When kids dream about what they want to be when they grow up, it doesn’t always come true. But for Dr. Jennifer (Jen) Pratt, it did. Her answer to that question was always: a pediatrician.
Dr. Pratt is now a pediatric hospitalist at Children’s Minnesota and has been since 2013. A difficult diagnosis at a young age changed her life forever. It ignited in her a passion to care for other kids in an often-unexpected stay at the hospital, just like her when she was a young child.
Jen’s cancer diagnosis
At 11 years old, Jen loved sports. She played basketball and practiced figure skating. One day, her knee started to hurt and her family figured it might just be a minor sports injury. But the pain kept getting worse and started to keep her up at night.
Hoping it was still nothing to worry about, her parents brought her to her pediatrician who ordered an X-ray. Jen’s family still had hope for good news. But when her pediatrician looked at it, they were told they needed to go to Children’s Minnesota – when their lives changed forever.
Jen was diagnosed with osteosarcoma, a type of bone cancer that starts in the cells that form bones. She had a tumor in her leg that would require chemotherapy and surgery to treat.
Curing her cancer
Still in shock, Jen needed to immediately start her year-long treatment at the cancer and blood disorders program at Children’s Minnesota, which cares for the more than half of the kids diagnosed with cancer or a blood disorder in the state.
“I remember how scared I was the first day I stepped into Children’s Minnesota,” said Jen. “But I was immediately comforted by the doctors, nurses, and child life staff. It gave me a sense of calm. I knew it would be okay, and that I wasn’t alone. I was facing this diagnosis with my family and a wonderful team behind me.”
Immediately after her diagnosis, she started three months of intense chemotherapy. It was a tough journey. While a cancer diagnosis, especially at such a young age, is always difficult, Jen’s family and staff at Children’s Minnesota rallied around her. She remembers their support and positivity during the hardest days of treatment when she was exhausted and nauseous. She also had to make several unexpected trips back into the hospital for fevers and low blood counts, but the team at Children’s Minnesota helped her through. The Child Life team gave her strategies to help cope, such as deep breathing and imagery techniques, which allowed Jen to better manage her symptoms.
After Jen’s chemotherapy was complete, she had surgery at a different hospital to remove the tumor from her leg. Even after that, it was a long road to recovery – Jen wasn’t able to walk for nearly nine months. She saw physical therapists at Children’s Minnesota that helped her regain her ability to walk. It was a trying year at a young age, but one that shaped the rest of her life.
Finding her path
Because of her treatment regimen, Jen missed the majority of her sixth-grade year of school.
“It was hugely disruptive to normal life,” she described.
That time in the hospital was significant for both Jen and her family. Like many other families who stay for a long time in the hospital, they grew close to the staff.
“I got to know the staff at Children’s [Minnesota] really well – the nurses and the hemoc [hematology/oncology] staff,” Jen recalled. “In a lot of ways, the staff at the hospital became like a second family… It’s hard to imagine not having what we have here.”
Something clicked for Jen then.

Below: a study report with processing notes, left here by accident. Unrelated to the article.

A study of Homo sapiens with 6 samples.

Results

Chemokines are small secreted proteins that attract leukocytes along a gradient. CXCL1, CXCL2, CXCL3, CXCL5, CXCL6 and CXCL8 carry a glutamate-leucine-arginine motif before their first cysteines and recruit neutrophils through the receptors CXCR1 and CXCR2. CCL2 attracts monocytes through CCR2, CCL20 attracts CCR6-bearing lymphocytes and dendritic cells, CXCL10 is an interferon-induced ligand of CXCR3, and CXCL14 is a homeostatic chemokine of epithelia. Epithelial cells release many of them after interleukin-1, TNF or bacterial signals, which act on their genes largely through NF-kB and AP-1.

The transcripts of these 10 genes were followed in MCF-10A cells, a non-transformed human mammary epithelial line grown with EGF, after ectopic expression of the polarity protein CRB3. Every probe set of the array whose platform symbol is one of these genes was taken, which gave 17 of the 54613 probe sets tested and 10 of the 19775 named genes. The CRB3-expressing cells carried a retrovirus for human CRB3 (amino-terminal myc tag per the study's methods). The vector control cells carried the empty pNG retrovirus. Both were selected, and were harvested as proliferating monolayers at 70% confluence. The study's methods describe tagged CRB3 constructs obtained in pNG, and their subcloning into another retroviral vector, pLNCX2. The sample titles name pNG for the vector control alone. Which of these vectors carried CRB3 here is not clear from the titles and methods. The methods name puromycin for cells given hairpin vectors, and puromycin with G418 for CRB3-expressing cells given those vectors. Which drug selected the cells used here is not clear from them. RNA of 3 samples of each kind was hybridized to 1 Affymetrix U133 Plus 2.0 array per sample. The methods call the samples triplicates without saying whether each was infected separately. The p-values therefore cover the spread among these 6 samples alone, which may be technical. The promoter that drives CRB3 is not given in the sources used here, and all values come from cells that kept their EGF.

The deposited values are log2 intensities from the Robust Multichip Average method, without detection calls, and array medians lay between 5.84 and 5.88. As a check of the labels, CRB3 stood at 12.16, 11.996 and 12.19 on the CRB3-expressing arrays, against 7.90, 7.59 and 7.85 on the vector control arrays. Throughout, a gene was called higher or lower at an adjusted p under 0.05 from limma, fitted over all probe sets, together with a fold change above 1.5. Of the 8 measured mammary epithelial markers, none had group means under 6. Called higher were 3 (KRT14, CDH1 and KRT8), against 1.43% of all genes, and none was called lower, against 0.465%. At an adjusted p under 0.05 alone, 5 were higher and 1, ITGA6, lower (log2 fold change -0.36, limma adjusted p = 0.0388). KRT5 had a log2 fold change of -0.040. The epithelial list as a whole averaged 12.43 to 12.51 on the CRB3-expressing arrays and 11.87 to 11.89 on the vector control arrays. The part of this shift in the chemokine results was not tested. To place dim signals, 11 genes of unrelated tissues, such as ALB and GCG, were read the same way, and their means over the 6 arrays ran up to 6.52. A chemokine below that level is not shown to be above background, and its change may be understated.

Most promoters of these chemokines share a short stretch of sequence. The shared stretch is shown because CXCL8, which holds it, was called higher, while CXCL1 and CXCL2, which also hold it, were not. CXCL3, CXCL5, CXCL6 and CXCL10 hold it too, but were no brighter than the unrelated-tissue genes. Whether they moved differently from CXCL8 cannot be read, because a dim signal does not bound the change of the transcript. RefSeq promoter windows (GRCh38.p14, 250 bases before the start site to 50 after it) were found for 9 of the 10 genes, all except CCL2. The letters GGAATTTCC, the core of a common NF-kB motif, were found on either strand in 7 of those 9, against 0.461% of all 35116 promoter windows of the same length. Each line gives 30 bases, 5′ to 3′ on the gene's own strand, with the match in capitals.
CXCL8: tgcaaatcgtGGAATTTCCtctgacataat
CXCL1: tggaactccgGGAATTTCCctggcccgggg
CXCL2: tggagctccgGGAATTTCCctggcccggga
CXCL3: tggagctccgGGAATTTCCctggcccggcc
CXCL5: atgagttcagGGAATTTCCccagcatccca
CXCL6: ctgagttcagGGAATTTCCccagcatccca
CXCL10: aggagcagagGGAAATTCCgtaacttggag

“I was really inspired by the care that I received at Children’s [Minnesota] from the doctors and nurses,” she said. “That experience was a motivator for me to say – ‘one day I’d like to come back and work at Children’s Minnesota and be a physician.’ I know the impact that they made was so profound, and I was really motivated that I wanted to do that for others.”
Staying connecting to Children’s Minnesota
Even after her year-long treatment was complete, Jen stayed connected to Children’s Minnesota and volunteered in various ways as a teen. She also participated in a peer-to-peer support group that was run by the hospital at the time.
As she traveled elsewhere, pursuing her undergraduate degree in Milwaukee and medical school in Chicago, she stayed committed to her dream of coming back and caring for kids at the same hospital where she was diagnosed and treated.
When she was applying for medical residency, the University of Minnesota program was her top choice and she was thrilled when she matched with the program back home. As a pediatric resident, it meant she’d be returning to her home away from home – Children’s Minnesota.
After completing residency, she officially joined our pediatric hospitalist team, working at both our Minneapolis and St. Paul hospitals. Her current medical experiences have given her an even greater appreciation of what she went through at a young age.
“Now looking at it from a medical background, it’s a really hard diagnosis,” she said. “I’m really grateful for when I did go through this, I had so much positivity around me.”
In her role, Dr. Pratt tries to bring that same positivity and care to her patients.
“My experience affects how I relate to kids that have to be in the hospital. I know what it’s like, I know it’s not fun, especially patients and families who stay a long time,” she said. “Day-to-day it can be really hard, especially when there’s uncertainty.”
Becoming a Make-A-Wish Ambassador
On top of her role at Children’s Minnesota, Dr. Pratt was recently selected as a national ambassador for Make-A-Wish Foundation.
During the start of her treatment, she found out that she would have her wish granted after she finished recovering. Because she loved animation and drawing, Jen picked a trip to Disney World!
“It motivated me through some of the hardest times in my treatment,” she recalls.
As a Make-A-Wish Foundation Ambassador, Dr. Pratt will share her story nationally to inspire other kids and teens in the midst of treatment.